Taliban order Afghan women to wear all-covering burqa
The militants took back control of the country in August last year, promising a softer rule than their last stint in power between 1996 and 2001, which was dominated by human rights abuses.
But they have already imposed a slew of restrictions on women - banning them from many government jobs, secondary education, and from travelling alone outside their cities or Afghanistan.
On Saturday, Afghanistan's supreme leader and Taliban chief Hibatullah Akhundzada announced a strict dress code for women when they are in public.
"They should wear a chadori (head-to-toe burqa) as it is traditional and respectful," said a decree in his name released by Taliban authorities at a ceremony in Kabul.
"Those women who are not too old or young must cover their face, except the eyes, as per sharia directives, in order to avoid provocation when meeting men who are not mahram (adult close male relatives)," it said.
The order was expected to spark a flurry of condemnation abroad. Many in the international community want humanitarian aid for Afghanistan and recognition of the Taliban government to be linked to the restoration of women's rights.
Akhundzada's decree also said that if women had no important work outside it was "better they stay at home".
During their first regime, the Taliban had made the burqa compulsory for women.
Since their return to power, their feared Ministry for Promotion of Virtue and Prevention of Vice has issued several "guidelines" on what women should wear but Saturday's edict was the first such national order.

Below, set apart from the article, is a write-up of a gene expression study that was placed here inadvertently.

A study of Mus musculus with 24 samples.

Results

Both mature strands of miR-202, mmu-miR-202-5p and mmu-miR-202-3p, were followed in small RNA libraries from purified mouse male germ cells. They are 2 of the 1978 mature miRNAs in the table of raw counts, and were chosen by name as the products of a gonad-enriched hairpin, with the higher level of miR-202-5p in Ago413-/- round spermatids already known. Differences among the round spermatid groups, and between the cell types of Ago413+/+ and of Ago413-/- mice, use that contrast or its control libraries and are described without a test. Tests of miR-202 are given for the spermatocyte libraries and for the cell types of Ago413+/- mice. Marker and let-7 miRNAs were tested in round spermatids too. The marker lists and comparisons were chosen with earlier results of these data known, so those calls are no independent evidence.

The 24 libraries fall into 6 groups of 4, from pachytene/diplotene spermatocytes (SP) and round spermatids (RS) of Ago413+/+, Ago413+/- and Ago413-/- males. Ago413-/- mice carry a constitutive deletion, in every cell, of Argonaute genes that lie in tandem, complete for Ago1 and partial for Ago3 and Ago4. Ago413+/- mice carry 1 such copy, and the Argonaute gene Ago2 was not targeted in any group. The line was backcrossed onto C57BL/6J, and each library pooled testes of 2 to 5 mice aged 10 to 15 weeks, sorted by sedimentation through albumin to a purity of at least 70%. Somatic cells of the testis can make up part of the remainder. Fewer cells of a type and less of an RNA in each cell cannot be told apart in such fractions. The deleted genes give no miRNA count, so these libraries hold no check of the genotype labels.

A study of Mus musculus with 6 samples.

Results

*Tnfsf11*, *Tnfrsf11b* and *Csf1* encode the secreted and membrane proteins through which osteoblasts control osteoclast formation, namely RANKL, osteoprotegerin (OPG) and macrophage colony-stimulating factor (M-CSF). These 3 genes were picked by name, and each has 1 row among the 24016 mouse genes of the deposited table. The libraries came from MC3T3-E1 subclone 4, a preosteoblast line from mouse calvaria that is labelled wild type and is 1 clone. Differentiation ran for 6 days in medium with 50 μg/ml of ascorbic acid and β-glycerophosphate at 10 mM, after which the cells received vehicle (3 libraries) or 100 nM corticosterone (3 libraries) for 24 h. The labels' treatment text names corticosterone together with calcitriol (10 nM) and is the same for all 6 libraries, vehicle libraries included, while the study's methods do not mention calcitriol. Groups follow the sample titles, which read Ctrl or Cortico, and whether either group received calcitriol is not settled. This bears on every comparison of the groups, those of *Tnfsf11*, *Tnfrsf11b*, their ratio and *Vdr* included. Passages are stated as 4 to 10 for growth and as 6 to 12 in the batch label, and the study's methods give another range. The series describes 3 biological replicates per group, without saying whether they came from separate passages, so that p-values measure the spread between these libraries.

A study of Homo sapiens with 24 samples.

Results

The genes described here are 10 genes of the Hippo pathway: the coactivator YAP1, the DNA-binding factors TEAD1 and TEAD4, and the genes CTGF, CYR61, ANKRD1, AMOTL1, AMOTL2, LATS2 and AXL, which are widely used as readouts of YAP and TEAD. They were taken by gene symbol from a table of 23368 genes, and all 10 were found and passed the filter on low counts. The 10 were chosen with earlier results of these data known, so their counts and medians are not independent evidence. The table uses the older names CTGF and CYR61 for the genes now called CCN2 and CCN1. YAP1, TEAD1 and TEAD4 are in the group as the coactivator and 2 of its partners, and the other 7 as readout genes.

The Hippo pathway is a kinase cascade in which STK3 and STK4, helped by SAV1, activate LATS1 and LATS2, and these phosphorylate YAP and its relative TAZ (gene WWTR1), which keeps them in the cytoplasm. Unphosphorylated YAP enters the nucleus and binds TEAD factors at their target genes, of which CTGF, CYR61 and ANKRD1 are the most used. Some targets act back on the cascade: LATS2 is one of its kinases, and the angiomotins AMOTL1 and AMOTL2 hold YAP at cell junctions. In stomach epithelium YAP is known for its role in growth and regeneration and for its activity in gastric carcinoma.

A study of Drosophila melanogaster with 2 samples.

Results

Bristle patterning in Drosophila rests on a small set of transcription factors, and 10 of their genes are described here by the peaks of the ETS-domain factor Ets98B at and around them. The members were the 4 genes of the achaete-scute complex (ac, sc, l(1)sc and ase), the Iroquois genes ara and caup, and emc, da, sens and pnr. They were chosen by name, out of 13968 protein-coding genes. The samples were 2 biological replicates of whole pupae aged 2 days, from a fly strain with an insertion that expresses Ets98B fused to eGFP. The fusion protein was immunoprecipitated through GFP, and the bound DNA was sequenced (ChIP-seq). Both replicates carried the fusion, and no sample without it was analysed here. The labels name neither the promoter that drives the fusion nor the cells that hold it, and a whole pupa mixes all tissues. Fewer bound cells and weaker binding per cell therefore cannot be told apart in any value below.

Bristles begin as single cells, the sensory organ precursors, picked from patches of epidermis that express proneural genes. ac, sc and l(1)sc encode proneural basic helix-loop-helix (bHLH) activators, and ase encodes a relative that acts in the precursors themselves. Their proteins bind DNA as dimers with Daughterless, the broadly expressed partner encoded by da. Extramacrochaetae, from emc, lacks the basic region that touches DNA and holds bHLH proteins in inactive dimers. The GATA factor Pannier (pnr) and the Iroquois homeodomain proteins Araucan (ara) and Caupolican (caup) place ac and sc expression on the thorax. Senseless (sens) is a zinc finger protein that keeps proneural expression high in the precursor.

The hardline Islamists triggered an international outrage in March when they ordered secondary schools for girls to shut, just hours after reopening for the first time since they seized power.
Officials have never justified the ban, apart from saying the education of girls must be according to "Islamic principles".
That ban was also issued by Akhundzada, according to several Taliban officials.
Women have also been ordered to visit parks in the capital on separate days from men.
Some Afghan women initially pushed back strongly, holding small demonstrations and protests where they demanded the right to education and work.
But the Taliban cracked down on these unsanctioned rallies and rounded up several of the ringleaders, holding them incommunicado while denying they had been detained.
In the 20 years between the Taliban's two reigns, girls were allowed to go to school and women were able to seek employment in all sectors, though the country remained socially conservative.
In a deeply conservative and patriarchal Afghanistan, many women already wear the burqa in rural areas.